System setup

Dr Peadar Grant

Data Architecture

In this lab you will setup the tools needed for the first part of the module, where we focus on relational database systems. We will primarily be using the PostgreSQL database.

1 PowerShell setup

We will use PowerShell to help you automate a few tasks.

Windows users
should jump ahead to subsection 1.3.
Mac users
should start at subsection 1.1.
Linux users
should start at subsection 1.2.

1.1 Mac PowerShell setup

Follow the installation via direct download instructions from Microsoft.

PowerShell can be then accessed by opening Terminal and running pwsh. You should see output similar to:

PowerShell 6.1.3  
Copyright (c) Microsoft Corporation. All rights reserved.  
Type 'help' to get help.  
PS /Users/peadar/Desktop>

Jump ahead to subsection 1.3.

1.2 Linux PowerShell setup

If using GNU/Linux or other UNIX OS please discuss with me. PowerShell can be installed on these operating systems. You do not need a Windows virtual machine.

1.3 Test script

Download the file test_script.ps1 and save it to your desktop. Open PowerShell and navigate to the desktop cd Desktop. Then run the script:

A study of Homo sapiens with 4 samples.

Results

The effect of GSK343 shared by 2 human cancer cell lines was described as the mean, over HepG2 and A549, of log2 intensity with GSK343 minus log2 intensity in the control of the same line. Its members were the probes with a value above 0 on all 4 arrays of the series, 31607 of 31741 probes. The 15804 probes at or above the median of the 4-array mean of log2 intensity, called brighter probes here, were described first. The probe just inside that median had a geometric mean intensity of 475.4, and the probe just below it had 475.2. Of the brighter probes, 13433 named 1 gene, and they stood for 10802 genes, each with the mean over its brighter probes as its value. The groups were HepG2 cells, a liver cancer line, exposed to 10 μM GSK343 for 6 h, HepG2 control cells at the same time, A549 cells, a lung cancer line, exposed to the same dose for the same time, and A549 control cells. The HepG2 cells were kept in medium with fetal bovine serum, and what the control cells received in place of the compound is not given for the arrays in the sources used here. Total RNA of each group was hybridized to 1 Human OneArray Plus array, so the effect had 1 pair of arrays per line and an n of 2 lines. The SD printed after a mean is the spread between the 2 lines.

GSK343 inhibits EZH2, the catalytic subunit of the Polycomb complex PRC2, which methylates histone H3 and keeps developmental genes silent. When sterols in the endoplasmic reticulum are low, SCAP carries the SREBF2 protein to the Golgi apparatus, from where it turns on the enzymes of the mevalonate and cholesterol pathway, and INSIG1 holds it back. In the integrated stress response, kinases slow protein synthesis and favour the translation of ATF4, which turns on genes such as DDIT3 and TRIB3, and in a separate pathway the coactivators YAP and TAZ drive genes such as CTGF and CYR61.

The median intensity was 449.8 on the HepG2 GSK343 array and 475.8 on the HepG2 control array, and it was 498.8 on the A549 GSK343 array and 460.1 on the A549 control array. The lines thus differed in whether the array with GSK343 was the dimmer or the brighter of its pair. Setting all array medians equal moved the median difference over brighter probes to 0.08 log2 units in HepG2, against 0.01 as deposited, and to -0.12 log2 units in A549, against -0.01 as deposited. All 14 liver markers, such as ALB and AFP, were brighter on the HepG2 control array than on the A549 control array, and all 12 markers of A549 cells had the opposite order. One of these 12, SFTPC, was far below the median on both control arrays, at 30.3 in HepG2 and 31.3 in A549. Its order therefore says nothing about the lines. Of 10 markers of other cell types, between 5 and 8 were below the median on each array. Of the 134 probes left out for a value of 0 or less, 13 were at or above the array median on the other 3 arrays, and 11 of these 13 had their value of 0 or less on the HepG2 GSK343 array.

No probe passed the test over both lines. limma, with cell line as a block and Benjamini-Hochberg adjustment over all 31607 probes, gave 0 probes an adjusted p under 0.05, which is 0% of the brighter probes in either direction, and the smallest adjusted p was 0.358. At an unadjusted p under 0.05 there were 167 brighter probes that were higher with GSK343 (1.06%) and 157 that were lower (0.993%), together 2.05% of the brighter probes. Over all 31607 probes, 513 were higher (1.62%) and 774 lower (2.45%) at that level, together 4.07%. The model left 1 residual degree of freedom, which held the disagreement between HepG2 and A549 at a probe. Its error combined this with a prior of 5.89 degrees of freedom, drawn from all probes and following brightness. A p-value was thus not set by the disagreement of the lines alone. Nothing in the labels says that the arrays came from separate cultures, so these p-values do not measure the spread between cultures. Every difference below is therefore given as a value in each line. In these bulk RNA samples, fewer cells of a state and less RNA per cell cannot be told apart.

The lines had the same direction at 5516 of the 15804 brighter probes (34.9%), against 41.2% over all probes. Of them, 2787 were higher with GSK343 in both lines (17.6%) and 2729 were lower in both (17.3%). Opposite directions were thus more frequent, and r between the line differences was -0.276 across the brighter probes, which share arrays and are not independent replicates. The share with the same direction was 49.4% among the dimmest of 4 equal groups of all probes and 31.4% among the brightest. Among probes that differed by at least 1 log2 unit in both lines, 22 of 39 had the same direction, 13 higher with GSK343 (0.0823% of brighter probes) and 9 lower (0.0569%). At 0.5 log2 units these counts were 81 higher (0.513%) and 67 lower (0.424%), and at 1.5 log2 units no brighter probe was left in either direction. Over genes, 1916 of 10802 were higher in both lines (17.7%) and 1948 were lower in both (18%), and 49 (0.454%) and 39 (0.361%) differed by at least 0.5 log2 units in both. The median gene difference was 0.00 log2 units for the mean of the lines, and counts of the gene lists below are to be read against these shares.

If everything is working, you should see:

if you see this message then PowerShell is working

1.4 Permitting script execution

Search for PowerShell in the start menu, right click and choose Run as Administrator. Authorise the admin access if required. Then enter the command:

set-executionpolicy remotesigned

Exit the administrator PowerShell window and return to the previous one. Try the test script in subsection 1.3 again.

1.5 Unblocking the script file

Windows provides an additional security mechanism to limit the runnability of files downloaded from the internet. If the script file is still blocked try:

Unblock-File test_script.ps1

Then try the test script in subsection 1.3 again.

If it now works you have setup PowerShell to execute scripts. You will need to run Unblock-File on each downloaded script.

2 SSH client installation


3 SSH key creation

SSH is a protocol we will use to login to remote servers and use their command shell. It is widely used for logging in to UNIX/Linux and increasingly Windows servers.

SSH supports a variety of authentication methods. The most basic is the username/password.

We will make use of the alternative and more secure key-based authentication. Most of you will probably not already have an SSH key. If you already have an SSH key then skip ahead to ?.

3.1 Creating SSH key

The following instructions work for both Windows and Linux. To create a 4096-bit RSA key type in Powershell/Bash:

ssh-keygen -t rsa -b 4096

You can hit enter at all the prompts to create the SSH key with no passphrase.